When The Director designate of the presidential elite security guard, the Executive Protection Service (EPS) Frank Nyekan revealed in early March this year that Liberia is being used as a hideout for leaders of the Nigerian Islamic terrorist group, Boko Haram, most people disputed the information, arguing that it wasn't possible for some leaders of the notorious group to visit here.
Although There's No evidence to prove his assertion, however, speaking before a senate hearing on March 4, 2014, Mr. Nyekan said "terrorism is spreading now. Nobody needs to tell you that Boko Haram is next door in Nigeria. Some are using Liberia as a sleep-out where they come and sleep after doing their thing. They come as Nigerian businessmen to sleep after a period of time; they lost and returned to Nigeria. They commit the act, when they are being searched for, they run to Liberia. From Liberia to Nigeria is not far. You have to look at it critically because election is coming; you need protection here and at home. There is a need for some kind of legislation that will protect Legislators."
Nyekan's Statement Didn't ring a bell presumably because there hasn't been any incident as yet to warrant attention. While his comment may sound ambiguous [considering Liberia from geopolitical, cultural and religious contest], it still does not negate the reality that the visits of the Boko Haram leaders could be that Liberia may not only be a hide-out for them, but also our country could be used as a strategic ground to plan evil in Nigeria or elsewhere.
Our Concern About Boko Haram is being prompted by media reports that the group has adopted over 200 girls from a boarding school. This development has attracted international attention with the United States and Britain offering assistance in the process.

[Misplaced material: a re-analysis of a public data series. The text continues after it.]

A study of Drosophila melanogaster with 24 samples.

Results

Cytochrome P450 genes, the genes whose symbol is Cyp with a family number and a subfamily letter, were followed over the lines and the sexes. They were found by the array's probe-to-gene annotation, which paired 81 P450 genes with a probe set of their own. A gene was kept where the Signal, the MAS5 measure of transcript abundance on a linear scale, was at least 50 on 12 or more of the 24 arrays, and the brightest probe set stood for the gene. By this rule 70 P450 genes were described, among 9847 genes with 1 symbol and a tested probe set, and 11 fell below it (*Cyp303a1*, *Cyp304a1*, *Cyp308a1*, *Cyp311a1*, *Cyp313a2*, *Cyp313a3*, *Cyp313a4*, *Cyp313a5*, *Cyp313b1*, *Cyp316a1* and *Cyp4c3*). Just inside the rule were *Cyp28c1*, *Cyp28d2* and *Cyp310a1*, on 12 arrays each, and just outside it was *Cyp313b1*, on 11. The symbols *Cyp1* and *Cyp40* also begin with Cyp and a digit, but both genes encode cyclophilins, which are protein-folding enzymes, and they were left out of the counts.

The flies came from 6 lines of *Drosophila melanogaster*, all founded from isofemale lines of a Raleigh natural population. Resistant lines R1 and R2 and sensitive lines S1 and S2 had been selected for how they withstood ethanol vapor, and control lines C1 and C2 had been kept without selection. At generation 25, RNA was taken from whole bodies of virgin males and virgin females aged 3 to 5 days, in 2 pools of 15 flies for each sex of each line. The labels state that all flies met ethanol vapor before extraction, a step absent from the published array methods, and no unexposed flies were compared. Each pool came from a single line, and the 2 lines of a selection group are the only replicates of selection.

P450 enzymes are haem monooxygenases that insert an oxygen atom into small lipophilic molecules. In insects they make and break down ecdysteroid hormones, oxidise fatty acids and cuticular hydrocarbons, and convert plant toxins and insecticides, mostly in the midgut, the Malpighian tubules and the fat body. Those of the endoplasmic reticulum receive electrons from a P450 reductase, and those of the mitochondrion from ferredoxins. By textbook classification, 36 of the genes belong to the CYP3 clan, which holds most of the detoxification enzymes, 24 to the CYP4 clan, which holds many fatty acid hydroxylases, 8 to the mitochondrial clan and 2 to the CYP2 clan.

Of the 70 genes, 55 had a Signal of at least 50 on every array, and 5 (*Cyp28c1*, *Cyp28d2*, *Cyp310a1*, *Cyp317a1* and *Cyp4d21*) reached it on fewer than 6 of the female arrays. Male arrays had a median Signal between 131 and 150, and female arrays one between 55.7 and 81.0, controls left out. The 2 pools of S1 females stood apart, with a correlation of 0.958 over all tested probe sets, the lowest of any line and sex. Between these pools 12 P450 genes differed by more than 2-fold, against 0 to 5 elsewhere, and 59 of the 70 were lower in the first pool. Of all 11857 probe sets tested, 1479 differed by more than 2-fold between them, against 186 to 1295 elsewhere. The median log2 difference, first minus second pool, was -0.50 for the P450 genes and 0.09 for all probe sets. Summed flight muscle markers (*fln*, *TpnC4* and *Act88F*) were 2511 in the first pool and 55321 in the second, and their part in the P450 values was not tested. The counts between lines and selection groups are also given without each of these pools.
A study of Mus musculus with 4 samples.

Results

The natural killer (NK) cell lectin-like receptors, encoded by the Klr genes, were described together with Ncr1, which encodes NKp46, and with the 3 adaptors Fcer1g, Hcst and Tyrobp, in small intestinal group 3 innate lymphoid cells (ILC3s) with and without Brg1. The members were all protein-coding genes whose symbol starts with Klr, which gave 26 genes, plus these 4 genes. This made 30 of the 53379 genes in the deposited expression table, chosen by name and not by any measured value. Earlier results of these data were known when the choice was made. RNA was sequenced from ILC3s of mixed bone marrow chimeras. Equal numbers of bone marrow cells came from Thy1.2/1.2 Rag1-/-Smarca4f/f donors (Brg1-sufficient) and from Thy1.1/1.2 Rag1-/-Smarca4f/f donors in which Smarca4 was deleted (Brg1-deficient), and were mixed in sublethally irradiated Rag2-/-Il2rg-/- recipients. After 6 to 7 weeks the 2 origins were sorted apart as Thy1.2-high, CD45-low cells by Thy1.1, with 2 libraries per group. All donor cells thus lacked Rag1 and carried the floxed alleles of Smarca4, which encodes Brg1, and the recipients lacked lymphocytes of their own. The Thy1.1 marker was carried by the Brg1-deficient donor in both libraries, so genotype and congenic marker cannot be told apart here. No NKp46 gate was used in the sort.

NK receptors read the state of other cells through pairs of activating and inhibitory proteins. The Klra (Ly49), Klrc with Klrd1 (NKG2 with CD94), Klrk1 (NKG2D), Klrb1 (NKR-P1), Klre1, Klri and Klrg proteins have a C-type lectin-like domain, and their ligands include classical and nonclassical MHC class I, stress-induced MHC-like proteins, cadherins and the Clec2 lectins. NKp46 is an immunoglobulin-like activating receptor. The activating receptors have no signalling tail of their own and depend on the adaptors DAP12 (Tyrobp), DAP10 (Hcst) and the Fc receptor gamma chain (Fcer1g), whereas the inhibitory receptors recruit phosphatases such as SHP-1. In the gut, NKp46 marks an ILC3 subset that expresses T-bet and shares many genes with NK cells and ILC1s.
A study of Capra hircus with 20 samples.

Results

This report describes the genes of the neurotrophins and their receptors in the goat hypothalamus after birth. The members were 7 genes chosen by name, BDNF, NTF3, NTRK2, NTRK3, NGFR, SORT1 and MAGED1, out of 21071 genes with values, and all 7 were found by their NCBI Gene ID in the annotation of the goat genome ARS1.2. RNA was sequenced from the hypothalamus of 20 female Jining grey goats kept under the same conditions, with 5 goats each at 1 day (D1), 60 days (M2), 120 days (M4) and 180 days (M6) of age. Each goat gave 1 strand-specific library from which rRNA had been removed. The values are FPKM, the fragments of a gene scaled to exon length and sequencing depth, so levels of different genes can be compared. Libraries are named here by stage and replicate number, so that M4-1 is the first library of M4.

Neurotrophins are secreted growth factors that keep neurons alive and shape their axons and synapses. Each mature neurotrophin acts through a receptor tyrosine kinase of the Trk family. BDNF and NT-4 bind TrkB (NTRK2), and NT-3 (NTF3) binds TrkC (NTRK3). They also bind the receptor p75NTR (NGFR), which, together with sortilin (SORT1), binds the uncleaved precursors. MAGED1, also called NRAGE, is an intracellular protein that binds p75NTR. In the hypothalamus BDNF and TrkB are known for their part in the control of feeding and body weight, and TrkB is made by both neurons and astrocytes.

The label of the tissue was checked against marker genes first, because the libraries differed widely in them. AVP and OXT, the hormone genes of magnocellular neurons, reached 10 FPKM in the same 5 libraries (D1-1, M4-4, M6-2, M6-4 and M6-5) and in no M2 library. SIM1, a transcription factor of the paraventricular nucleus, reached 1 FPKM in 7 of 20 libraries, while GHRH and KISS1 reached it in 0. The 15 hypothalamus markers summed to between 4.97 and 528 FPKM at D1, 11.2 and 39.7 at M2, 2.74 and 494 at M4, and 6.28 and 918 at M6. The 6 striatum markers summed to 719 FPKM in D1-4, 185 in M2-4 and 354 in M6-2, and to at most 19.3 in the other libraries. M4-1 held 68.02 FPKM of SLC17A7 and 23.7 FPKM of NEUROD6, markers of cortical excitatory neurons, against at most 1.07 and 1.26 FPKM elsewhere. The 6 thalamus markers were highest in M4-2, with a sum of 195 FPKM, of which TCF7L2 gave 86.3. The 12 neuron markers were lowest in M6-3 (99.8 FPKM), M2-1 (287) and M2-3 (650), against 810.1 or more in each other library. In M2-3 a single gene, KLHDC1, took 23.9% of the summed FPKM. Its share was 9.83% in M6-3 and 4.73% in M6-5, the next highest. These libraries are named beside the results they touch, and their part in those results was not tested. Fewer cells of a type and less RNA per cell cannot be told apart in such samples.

Parents of these children have been stunned and remained silent about the fate of their daughters, suggesting that the government is doing little or nothing about the situation. These girls were kidnapped more than three weeks ago by Islamist Boko Haram militants from their boarding school in the north-eastern state of Borno. Last Sunday, additional eight other girls were taken after two villages were attacked.
What's Happening In Nigeria might be far from us in Liberia; however, we believe this issue should draw the attention of our government and ECOWAS nations to develop an international approach that would lead to the freedom of the innocent children.
Obviously, We Believe military approach [to this crisis for now] is not the appropriate thing to do because the terrorists are not frightened by military hardware. This matter is bigger than Nigeria and it requires a well coordinated global involvement of nations including the United States, Britain, France and other countries that have had experiences in dealing with matter of such magnitude.
In Africa, Most nations do not have the counter terrorism approach neither do they have the intelligence capabilities to handle such an extremely precarious situation that could end up in futility; we hope not.
For Us, We urge the Nigerian government and nations partnering with it to explore every available means to have the over 200 children, whose future are ahead of them, returned to their parents. This must be the mission.